It’s an experience most city dwellers are very familiar with. You arrive at a red light and are approached by someone asking for assistance, generally money. Some people purposely stare straight ahead and try to ignore the other person. Others happily give whatever cash or change they can spare, though in the age of credit cards and phone wallets, that is becoming less common. One Dallas, TX resident has taken an entirely different approach that is turning heads and warming hearts in the homeless community.
Resa Willis has created the packs for the homeless project, an endeavor which entails raising funds for and putting together care packages for the homeless in the Dallas area. The packs, which contain food, beverage, hygiene, safety, and clothing items are tailored to the season and distributed mostly by Resa from her car while she is commuting. The project, which began in Winter of 2018, was originally suggested as part of an outreach effort for the local Libertarian party.
“As the former Outreach Chair of my local party, I suggested this type of project as something we could band together to do,” Resa states. Unfortunately, the idea didn’t gain much interest at the time. As a result, Resa decided to take on the project herself. Since then, it has expanded into three rounds per year of 50-100 packs worth anywhere from $10-25 each. The funds for the packs come mostly from direct donations of cash or supplies from others that see her fundraising requests on social media or in libertarian circles.
In addition, for this election cycle, she has run her pet iguana, Dulap Nelson, for a position as the Chair(lizard) of the Libertarian National Committee. The funds raised by this political campaign via donations and merchandise sales have helped with the purchase of additional packs. And it didn’t hurt that Dulap earned four votes in the contest.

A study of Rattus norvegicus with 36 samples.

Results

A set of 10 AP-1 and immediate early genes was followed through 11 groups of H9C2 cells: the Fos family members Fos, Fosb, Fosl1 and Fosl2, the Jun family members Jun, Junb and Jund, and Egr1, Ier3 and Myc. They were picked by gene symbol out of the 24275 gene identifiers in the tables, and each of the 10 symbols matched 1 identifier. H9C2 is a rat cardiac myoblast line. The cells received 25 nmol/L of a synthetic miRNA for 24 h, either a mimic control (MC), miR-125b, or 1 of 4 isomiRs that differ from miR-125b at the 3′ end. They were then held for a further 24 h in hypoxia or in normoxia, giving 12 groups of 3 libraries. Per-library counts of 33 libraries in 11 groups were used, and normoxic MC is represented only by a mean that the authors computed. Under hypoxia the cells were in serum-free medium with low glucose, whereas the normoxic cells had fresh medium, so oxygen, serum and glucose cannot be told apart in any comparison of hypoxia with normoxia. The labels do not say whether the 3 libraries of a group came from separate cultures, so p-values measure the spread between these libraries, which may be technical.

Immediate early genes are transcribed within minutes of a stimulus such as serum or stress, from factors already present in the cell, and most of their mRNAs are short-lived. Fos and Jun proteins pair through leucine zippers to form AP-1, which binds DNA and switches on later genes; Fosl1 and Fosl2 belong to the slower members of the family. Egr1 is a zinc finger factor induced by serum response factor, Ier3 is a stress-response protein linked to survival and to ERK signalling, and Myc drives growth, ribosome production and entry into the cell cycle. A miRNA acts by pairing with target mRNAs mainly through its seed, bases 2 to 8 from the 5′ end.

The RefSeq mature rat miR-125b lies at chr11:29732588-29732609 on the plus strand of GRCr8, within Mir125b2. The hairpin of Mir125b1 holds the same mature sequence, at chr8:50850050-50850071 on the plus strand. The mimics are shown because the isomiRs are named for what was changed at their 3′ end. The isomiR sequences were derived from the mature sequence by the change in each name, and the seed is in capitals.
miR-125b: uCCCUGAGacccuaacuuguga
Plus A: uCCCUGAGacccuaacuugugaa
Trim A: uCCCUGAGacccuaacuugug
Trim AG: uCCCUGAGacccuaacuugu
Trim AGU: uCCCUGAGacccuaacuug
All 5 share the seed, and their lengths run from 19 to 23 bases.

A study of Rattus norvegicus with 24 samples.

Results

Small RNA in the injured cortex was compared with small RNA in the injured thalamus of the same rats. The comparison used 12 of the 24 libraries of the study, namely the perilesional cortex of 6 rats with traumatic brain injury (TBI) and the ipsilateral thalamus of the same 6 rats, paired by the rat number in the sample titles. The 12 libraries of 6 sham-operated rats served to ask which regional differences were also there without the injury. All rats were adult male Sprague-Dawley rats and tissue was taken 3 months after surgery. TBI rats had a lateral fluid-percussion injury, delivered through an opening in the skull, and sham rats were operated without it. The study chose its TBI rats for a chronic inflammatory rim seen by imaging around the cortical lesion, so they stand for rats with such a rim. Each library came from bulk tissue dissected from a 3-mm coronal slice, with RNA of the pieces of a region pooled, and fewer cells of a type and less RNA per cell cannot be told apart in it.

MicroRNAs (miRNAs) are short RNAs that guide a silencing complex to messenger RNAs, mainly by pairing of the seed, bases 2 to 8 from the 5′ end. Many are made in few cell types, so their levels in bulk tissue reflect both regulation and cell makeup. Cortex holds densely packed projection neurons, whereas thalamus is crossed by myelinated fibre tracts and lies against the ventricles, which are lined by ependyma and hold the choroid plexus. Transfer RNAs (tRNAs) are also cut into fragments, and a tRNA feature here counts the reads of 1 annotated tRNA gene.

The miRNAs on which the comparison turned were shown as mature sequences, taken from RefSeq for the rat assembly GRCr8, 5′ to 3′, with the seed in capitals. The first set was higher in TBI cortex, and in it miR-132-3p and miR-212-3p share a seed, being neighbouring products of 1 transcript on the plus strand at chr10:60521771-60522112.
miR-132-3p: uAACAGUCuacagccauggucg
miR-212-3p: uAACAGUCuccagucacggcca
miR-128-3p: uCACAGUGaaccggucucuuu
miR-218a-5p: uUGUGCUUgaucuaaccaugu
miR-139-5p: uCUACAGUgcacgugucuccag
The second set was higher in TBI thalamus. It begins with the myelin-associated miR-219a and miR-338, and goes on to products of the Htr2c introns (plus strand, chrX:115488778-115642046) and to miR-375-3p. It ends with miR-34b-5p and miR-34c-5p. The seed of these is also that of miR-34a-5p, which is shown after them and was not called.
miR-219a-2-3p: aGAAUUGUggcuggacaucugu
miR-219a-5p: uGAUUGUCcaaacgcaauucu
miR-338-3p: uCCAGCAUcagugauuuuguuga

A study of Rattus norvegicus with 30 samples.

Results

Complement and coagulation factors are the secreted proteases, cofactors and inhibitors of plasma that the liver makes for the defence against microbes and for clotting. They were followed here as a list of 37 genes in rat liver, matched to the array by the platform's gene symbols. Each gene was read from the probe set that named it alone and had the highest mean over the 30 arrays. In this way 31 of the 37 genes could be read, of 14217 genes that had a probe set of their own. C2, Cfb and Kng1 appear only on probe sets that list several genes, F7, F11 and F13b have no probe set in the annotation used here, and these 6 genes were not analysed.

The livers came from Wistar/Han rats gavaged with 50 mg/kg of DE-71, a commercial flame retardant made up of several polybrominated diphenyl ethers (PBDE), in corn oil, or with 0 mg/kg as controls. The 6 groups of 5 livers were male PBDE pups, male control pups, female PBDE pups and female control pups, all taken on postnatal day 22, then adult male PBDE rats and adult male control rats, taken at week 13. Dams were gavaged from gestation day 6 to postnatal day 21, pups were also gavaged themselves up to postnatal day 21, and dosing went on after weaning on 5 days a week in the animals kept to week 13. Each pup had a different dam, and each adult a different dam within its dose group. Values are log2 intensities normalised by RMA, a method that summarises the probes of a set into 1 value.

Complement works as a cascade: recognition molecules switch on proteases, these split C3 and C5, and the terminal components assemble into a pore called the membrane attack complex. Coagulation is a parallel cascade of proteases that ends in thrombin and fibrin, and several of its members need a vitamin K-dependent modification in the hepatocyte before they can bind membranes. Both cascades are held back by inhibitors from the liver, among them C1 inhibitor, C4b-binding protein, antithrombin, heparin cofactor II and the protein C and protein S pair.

Not bad for a handsome and well-fed lizard.
The benefits of all of this fund-raising and work are well worth it for Resa.
“Seeing firsthand the reactions from people receiving these supplies has been heartwarming and humbling,” Resa says. “It truly highlights how blessed many of us are, especially when some of the basic things we take for granted are luxuries to others.”
It is, in fact, hard not to be humbled when witnessing a mountain of these homeless packs and knowing that one or more of them might soon make a big impact on someone’s life. This is very well evidenced by some of the stories that Resa has shared on her social media.
“I handed out one pack and when I was coming back that way again, the guy had the blanket spread out like a tablecloth over a raised concrete slab, and had all of the food items laid out like a feast and was praying over the food.”
And in another post, Resa writes, “[I] gave out a pack to a guy on the corner today. He opened it, pulled out the socks, and kissed them. I think next time I do this, I’ll get extra socks.”
Indeed, socks aren’t the only treasures that are included in the packs. While the actual contents vary based on the season and donations given, Resa is diligent about putting in supplies that can help make life bearable on the streets, including toothbrushes and toothpaste, soap, deodorant, mylar blankets, lip balm, sunscreen, feminine care products and more. On rare occasions, she gets the opportunity to give a lot more, such as the Winter 2019 packs that were delivered in brand new EastWest backpacks.
The success of this project and the lives that it has touched has not gone unnoticed. Resa reports that several people across the country have seen the outcome of this project and are endeavoring to replicate its success. She hopes to organize the project into a 501(c)3 to entice more donations and, thus, more packs to hand out. She invites people to contact her directly via email or by visiting her Facebook to either arrange a donation or ask how to replicate this project in your area.
Ultimately, she says, it’s about voluntaryism. We can’t just talk about principles, personal responsibility, and ideal utopias. We have to begin to do those things in real life.